LENZERHEIDE, Switzerland — A dramatic season-ending crash for Maria-Hoefl Riesch on Wednesday denied Alpine skiing one of its two overall title duels at the World Cup Finals.
Hoefl-Riesch’s exit — from the downhill course into safety nets, then airlifted from the slope by helicopter — left Anna Fenninger of Austria the favorite to win her first giant crystal trophy one month after becoming an Olympic champion.
Fenninger’s sixth-place finish in the final downhill built a slim 11-point lead in the standings over the 2011 champion with three races remaining.
"It’s tough," Germany women’s head coach Thomas Stauffer said. "We were up and running for the World Cup all season and at the end you can’t battle for it."
Earlier, Aksel Lund Svindal of Norway seized the men’s overall lead from Fenninger’s teammate Marcel Hirscher, who skips downhill, in what also shaped as a back-and-forth duel this week on sunbathed slopes at Lenzerheide.
Svindal’s fifth-place finish moved him only 41 points ahead and extended a series of results since the Sochi Olympics opened which left him just off the podium.
The Olympic downhills proved a reliable guide Wednesday with men’s champion Matthias Mayer of Austria repeating his gold-medal success in another tight race.
Olympic silver medalist Christof Innerhofer tied for second with Ted Ligety of the United States, the Olympic giant slalom champion. They finished 0.11 seconds behind Mayer’s winning run of 1 minute, 29.99 seconds.
Lara Gut of Switzerland, the downhill bronze medalist, delighted her home crowd with victory in 1:32.31. Runner-up Elisabeth Goergl of Austria was 0.05 back, and third-placed Swiss Fraenzi Aufdenblatten was 0.57 behind in her final World Cup race before retiring.
Pre-race favorite Fenninger, trailing 1.07 behind Gut, failed to repeat her speedy training runs but 40 race points could yet be enough to clinch the sport’s most prestigious honor.
"I hope Maria can race again," Fenninger said before the extent of her rival’s injuries were known. "My focus is on the next two races. What she is doing, I can’t change."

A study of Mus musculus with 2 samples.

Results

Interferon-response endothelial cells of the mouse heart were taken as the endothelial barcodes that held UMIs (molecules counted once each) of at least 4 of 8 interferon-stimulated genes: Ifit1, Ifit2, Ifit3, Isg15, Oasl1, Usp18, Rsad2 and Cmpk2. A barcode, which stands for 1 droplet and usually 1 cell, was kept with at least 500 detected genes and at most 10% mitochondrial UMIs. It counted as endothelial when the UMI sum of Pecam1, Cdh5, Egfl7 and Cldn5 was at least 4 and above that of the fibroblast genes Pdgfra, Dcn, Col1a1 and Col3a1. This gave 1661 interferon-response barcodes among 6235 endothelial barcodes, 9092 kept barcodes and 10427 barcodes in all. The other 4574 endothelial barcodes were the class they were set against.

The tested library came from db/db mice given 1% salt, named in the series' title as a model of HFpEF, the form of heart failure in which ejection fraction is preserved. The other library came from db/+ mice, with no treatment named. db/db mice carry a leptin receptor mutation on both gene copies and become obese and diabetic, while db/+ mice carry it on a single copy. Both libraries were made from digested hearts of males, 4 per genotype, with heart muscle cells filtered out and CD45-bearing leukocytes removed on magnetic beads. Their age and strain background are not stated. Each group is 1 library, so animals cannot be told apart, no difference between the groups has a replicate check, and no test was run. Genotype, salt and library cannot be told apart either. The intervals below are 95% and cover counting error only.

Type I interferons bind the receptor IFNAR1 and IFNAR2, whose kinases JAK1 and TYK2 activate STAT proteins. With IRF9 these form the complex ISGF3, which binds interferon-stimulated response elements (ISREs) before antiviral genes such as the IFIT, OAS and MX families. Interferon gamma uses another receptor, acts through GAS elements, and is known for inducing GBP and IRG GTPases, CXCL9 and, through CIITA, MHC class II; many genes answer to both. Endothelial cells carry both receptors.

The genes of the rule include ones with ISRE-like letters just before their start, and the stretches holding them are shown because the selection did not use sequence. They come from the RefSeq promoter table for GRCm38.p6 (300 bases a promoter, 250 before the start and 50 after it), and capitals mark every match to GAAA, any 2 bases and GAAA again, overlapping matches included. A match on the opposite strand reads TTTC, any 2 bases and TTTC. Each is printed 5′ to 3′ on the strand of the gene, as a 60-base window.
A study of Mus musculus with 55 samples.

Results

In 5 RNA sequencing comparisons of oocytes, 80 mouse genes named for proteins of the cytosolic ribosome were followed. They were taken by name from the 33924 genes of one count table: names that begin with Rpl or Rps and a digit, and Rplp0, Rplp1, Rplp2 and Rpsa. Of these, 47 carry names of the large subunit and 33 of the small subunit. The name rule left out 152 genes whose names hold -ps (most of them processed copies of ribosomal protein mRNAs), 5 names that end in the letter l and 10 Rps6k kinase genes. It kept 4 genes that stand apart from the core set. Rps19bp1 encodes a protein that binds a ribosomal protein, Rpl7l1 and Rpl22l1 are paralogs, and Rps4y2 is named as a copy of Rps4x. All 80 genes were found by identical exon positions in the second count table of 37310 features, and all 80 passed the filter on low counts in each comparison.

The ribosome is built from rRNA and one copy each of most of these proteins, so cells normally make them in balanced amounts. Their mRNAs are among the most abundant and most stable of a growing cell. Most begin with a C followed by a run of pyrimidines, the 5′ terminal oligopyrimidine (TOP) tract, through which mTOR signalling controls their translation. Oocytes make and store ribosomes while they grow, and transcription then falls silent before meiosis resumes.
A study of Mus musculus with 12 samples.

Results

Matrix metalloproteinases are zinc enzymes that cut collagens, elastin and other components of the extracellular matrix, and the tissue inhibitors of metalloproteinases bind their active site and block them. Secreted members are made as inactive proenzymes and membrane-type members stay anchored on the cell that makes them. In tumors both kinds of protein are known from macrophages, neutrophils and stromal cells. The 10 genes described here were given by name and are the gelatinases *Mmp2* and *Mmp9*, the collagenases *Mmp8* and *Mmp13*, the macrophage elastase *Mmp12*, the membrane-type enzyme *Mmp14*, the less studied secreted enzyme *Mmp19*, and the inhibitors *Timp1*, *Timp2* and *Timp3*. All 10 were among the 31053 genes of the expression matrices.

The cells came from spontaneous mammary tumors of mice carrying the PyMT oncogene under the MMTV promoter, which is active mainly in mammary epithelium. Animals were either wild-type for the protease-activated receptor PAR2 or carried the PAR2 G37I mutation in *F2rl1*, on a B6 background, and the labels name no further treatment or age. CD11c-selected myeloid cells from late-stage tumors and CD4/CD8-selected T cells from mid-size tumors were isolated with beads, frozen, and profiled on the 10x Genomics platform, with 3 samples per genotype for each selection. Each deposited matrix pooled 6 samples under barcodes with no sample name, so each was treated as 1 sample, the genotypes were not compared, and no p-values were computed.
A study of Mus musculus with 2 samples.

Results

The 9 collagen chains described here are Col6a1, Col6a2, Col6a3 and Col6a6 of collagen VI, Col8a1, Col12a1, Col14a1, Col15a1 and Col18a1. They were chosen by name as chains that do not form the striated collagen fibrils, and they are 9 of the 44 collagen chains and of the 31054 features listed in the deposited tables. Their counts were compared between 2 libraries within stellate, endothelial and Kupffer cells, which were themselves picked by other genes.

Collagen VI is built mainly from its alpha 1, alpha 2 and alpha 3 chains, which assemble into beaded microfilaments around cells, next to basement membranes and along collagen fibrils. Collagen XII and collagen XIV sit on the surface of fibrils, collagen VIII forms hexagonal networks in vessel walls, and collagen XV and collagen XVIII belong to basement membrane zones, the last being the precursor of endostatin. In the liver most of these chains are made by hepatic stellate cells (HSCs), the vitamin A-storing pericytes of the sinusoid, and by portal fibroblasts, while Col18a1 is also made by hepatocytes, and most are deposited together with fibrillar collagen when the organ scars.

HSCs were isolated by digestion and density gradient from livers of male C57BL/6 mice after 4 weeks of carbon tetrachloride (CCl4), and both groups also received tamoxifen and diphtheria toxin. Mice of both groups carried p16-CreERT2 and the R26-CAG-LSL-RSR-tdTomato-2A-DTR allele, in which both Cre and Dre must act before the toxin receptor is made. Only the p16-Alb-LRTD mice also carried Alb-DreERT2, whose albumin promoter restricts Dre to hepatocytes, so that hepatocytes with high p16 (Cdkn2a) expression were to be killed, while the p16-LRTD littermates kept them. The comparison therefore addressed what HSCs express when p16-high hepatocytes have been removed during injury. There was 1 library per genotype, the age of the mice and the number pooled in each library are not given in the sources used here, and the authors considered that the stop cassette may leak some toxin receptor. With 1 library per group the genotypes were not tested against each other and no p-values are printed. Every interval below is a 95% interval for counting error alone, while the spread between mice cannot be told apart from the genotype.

Hoefl-Riesch’s bitter-sweet day started atop the standings and got better minutes before entering the start house. Fenninger’s failure to lead assured the 29-year-old German of her first season-long downhill title after six years of domination by Lindsey Vonn, the injured and absent American.
Hoefl-Riesch crashed midway down the bumpy course when her skis slipped beneath her at a sharp right-hand turn, sending her sliding off course.
The downhill trophy ceremony was staged immediately after the race with an empty top step on the podium and the German anthem playing as the helicopter landed nearby. Hoefl-Riesch was driven to a nearby hospital for checks.
Fenninger now leads Gut, a six-race winner, by 235 points and defending champion Tina Maze of Slovenia by 287. A maximum of 300 points are available in the final three races.
Fenninger can secure the title outright by finishing first or second on Thursday in the super-G, in which she is Olympic champion. She also won Olympic silver in giant slalom, which is the World Cup season-ending race on Sunday.
Svindal and Hirscher will both start in the men’s super-G also scheduled Thursday.
"If I had to put money on someone I have no idea who it would be," said Svindal, a two-time overall champion, of his contest with the two-time defending champion. "I used to be 1-2-3 every race, and now I’m 4-5-6. But Marcel is too."
Ligety is the super-G world champion and will be a contender on a steep slope that produces sharp-turning corners which suit his technical skills.
"This is a hill I know I have a good chance on," said Ligety, whose career-best result in downhill improved on his fourth here in 2007.
Bode Miller had seemed poised for victory Wednesday until going wide near the end of his run. He placed eighth, 0.62 behind Mayer, who got his first World Cup win.
In a rare choice by World Cup race organizers, the men and women raced through the same gate-setting down the 1.43-mile Silvano Beltrametti course.
Mayer’s time was 2.32 seconds ahead of Gut, who raced two hours later on a warm day. Gut had the 18th best time and was faster than two men who completed the course: Johan Clarey of France and Canada’s Erik Guay.
However, the woman who did not finish safely, Maria Hoefl-Riesch, left the most significant mark on the day.